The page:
They made the appointment together, father and daughter, in order to find out what the bachelor in design management is all about. Apparently she was looking for a study program in which she could follow her affinity towards creativity, whereas dad seemed to have something in mind, which would lead to a solid job qualification, and would be of real value in the economy as he knows it. That’s why the ‘management’ in the program’s title seemed to ease him a bit and accordingly he was very curious to find out what the heck ‘design’ had to do with it.
If it was their attempt to find a compromise between themselves that brought them in my office I cannot tell, but during our conversation, it became clear to me that she was there mainly because of the design, and he only because of the management.
What a cliché, I can hear you mumble, but it’s a fact that currently, women apply for a place in the design management program 5 times more often than men. So that’s why the situation was no surprise to me: the consideration for design management came from her.
How ‘delicate’ the situation really is I could also experience during the selection procedure for the class of this year: there we had to determine who would be our new ‘fresh(wo)men’. After the first selection round, some lecturers were considering to appeal for a quota, for men, in order to avoid that the class would be solely ‘manned’ with women.
And to be honest, the male applicant really were struggling to sustain against the phalanx of highly motivated females, who were presenting themselves in perfect condition, meticulously prepared and who passed the selection procedure with class and style: very focussed and mature the girls were presenting their work to the members of the selection committee, who repeatedly were left speechless with the competencies displayed to them. The boys, in comparison, almost seemed unmotivated and confused and repeatedly had to be reminded to get going …
After the selection procedure was done, the first 8 spots were all taken by girls, totalling 16 out of 20 …
The fact that predominantly women show interest in the design management course is definitively not related to the attractiveness of the lecturers at hand (which indeed are mainly men, which also is ‘delicate’). No, the reason is in something very fundamental and stems from aspects in the program way beyond an artificial level. Also, the often used reasoning that the ‘creative bit’ is attracting women towards design is too simplistic: in other ‘creative’ study programs you’ll find both sexes equally spread, though there are differences related to the nature of where creativity is applied. Next to that the title ‘design management’ cannot be compared to e.g. ‘engineering’, where the title is already setting the tone and hinting to a future occupation of graduates: ‘engine creation’ – which is clearly appealing to the male. Compared to engineering, design management is rather gender-neutral and open for interpretation.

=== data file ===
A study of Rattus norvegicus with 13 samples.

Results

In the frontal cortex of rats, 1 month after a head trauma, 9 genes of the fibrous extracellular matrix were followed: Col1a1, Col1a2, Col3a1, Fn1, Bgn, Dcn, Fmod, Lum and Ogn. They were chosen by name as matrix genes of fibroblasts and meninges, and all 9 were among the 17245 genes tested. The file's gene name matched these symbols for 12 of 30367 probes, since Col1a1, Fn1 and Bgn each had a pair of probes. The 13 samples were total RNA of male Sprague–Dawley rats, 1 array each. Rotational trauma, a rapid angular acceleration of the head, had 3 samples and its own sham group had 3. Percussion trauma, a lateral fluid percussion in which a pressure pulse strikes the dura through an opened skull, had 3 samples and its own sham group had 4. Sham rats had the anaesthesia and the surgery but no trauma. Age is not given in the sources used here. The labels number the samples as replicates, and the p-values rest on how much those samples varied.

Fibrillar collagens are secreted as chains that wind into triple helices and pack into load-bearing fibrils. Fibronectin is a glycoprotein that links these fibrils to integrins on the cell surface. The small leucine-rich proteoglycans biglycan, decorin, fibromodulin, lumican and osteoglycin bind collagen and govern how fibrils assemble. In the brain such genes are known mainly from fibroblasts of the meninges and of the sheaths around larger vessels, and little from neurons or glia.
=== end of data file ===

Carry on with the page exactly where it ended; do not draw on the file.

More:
What I think attracts women most to design management, is the ability or competence which is the outcome of the study: enabling creativity and design to flourish in organisations and then helping to turn it into reality. To achieve this design management demands encompassing and flexible thinking, one which is able to use ‘both sides of the brain’ so to say, which is able to alter between logical, analytical thinking and creative, abstract thinking. This ‘female’ form of thinking is not one that wants to ‘mother’, but one which is able to view the issue from another angle, and thus can see things which are hidden to the very focussed and stringent ‘masculine’ way of observing – it’s a view on the whole, not on the detail: a holistic point of view.
Of course, also males can think this way, no worries, but it’s generally not ‘biologically’ accessible to them, nor is it well developed. Likewise, I know female engineers who think as guys do, but who are definitive ‘biologically’ female: but also these are very rare.
When I was trying to explain to my visitors how design management, in its optimal form, would establish this holistic way of thinking within organizational structures, and with that could enable the creation of relevant and human-centred solutions, I thought for an instance that also dad was seeing something in it. He ‘confessed’ to be a manager and then he stressed that he would like his daughter to do something that could play a significant role in international business. Well, most apparently ‘design’ alone seemed a bit too creative, less career supportive to him…
Now I am curious to see how this continues and if I can welcome the daughter in my program for the coming year, but foremost I am curious if something did stick with daddy…
Since their visit, al lot of people showed interest in the program and have knocked on our door, out of which, as expected, 80% were female.
If it’s meant to be that a human-centred business will prevail as the more sustainable and successful way of business doing and that females naturally provide the appropriate thinking needed to shape and manage these businesses, will we need a quota in future?